Navigating the grocery store can be daunting, but these tips will make filling your cart with healthy foods easy.
Fruits and vegetables
Fruits and vegetables are the most important thing to have in your grocery cart. They provide fiber and numerous vitamins and minerals, some of which act as antioxidants in the body. Aim for 2 cups of whole fruits and 2.5 cups of vegetables per day. Buy produce in-season for the best taste and concentration of nutrients. When shopping out of season, remember that frozen is just as good as fresh. Pick fruits and vegetables that you like, but don’t be afraid to try something new.
The general recommendation is to “make at least half of your grains whole.” Whole-grain products offer fiber, protein, vitamins and minerals, and include whole-wheat bread, whole-wheat tortillas, brown rice, whole-wheat pasta, corn tortillas, popcorn, barley, whole-wheat crackers, quinoa and oats, just to name a few. When shopping for whole grains, it is important to read the ingredient label. In general, one of the first three ingredients should read whole-wheat flour or whole-grain oats, not unbleached wheat flour. Read more about whole grains here.
Fill your cart with a variety of proteins, like meat, fish, eggs and soy products. Opt for lean meats like chicken and turkey rather than red meats, which are higher in saturated fat. Lean fish, such as shrimp, tilapia and scallops, and fatty fish like salmon and swordfish, provide healthy omega-3 fatty acids. Water-packed canned tuna and salmon is also a great option. Don’t forget about vegetarian options, such as eggs, tofu, tempeh and frozen edamame.
Beans are a delicious fiber-loaded and low-fat food to add to your grocery cart. Hummus, made from garbanzo beans, makes a great dip for vegetables or smeared on sandwiches. If purchasing canned beans, look for the low-sodium label and rinse the beans before using. Dry beans and dry lentils are more cost efficient but usually take longer to cook.
Cereal, granola and oatmeal
Breakfast cereals are a quick and convenient option filled with fiber, and should be a grocery-cart staple. However, many cereals, granola and oatmeal packets are loaded with added sugars, even those that may seem healthy. Always read the ingredient label to find sources of sugar. If sugar is the first, second or third ingredient, opt for a different kind. Look for options that are 100 percent whole grain and have no more than 5-8 grams of sugar per serving. Original Cheerios and plain oatmeal (instant, rolled or steel-cut) are great options.
Nuts and Seeds
Nuts and seeds are great snacks when paired with whole fruit or veggies. Pistachios, walnuts, almonds and cashews can be found unsalted. Almond butter and peanut butter are also grocery-cart essentials. Again, read the ingredient label and check for sources of added sugar.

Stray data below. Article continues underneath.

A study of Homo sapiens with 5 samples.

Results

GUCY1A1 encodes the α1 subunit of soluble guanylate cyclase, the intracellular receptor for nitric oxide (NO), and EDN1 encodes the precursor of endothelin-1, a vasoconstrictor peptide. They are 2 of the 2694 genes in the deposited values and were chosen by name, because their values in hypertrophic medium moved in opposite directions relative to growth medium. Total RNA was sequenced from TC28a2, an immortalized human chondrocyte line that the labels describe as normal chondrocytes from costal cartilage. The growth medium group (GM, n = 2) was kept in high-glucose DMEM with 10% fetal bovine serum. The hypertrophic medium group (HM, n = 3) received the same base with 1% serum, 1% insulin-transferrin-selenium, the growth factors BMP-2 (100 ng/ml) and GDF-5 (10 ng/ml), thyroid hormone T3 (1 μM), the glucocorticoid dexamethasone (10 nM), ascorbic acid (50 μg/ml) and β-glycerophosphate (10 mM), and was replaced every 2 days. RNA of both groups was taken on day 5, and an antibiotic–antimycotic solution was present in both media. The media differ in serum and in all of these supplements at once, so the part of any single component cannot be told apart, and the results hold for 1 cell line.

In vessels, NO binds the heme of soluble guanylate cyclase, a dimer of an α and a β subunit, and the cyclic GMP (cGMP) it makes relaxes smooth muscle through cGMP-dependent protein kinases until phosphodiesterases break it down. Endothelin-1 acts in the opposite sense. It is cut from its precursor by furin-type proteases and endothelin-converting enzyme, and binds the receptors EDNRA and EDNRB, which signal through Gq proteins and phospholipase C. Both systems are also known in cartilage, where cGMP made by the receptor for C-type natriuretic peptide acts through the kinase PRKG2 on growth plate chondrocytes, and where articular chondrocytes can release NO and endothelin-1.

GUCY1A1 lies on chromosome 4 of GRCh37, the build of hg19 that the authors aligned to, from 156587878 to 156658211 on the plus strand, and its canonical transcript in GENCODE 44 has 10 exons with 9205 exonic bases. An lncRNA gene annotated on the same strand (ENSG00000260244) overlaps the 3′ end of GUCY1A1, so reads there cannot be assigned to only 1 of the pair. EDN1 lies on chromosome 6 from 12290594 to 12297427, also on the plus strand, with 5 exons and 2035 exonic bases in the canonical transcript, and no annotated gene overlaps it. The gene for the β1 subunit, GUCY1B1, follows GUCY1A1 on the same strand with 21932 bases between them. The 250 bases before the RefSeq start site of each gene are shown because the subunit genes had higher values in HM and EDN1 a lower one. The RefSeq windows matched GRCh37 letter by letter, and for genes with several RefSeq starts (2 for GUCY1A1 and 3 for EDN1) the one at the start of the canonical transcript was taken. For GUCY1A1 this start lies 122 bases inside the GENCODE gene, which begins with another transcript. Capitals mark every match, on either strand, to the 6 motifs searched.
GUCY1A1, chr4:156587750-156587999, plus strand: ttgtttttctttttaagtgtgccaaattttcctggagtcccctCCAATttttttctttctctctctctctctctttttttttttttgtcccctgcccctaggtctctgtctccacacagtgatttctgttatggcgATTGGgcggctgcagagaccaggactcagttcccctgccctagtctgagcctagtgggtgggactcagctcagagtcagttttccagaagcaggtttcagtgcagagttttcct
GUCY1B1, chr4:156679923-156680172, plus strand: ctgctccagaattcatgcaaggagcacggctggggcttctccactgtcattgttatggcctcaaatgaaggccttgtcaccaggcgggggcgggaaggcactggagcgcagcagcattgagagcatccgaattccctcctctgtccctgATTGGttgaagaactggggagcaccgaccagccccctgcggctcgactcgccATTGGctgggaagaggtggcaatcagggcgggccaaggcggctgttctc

It would be completely unrealistic to go to the grocery store without grabbing a few convenience foods for busy days, because life is all about balance! When shopping for convenience foods such as granola bars, breakfast waffles and frozen dinners, check the ingredient label for multiple sources of added sugar, and opt for choices with fewer than 500 milligrams of sodium per serving.
Did you know that a 20-ounce soda generally contains 15 teaspoons of added sugar? Rather than purchasing fruit juices and soda, which contain sugar, opt for water, flavored seltzers and unsweetened tea. Consuming too much added sugar can contribute to obesity, diabetes, heart disease and high blood pressure. Read more about added sugars in foods and beverages here.
Low-calorie spices and seasonings
Make sure to stock up on low-calorie spices and seasonings, such as no-salt-added spices, vinegar, mustard, salsa, herbs and citrus. Get more idea inspiration here.
Dairy products are most likely already in your grocery cart, and a few simple swaps can make those choices as healthy as can be. Pick up fat-free or low-fat milk, cheese sticks and plain yogurts. If you are lactose intolerant, choose lactose-free brands or Kefir, which contains lactose that is already broken down. Limit foods made from milk that do not contain as many nutritional benefits, such as cream cheese, cream and butter.
Download the “Fooducate” app for more help navigating the grocery store; it scans products and labels to find the best option!
Jordan Higgins is a dietetic intern at Vanderbilt University Medical Center. Originally from Albany, New York, Jordan received her bachelor’s from Fordham University and completed graduate courses in nutrition from The Sage Colleges. After completing the internship in 2017, Jordan hopes to combine her love for cooking and nutrition education into a unique and inspiring business.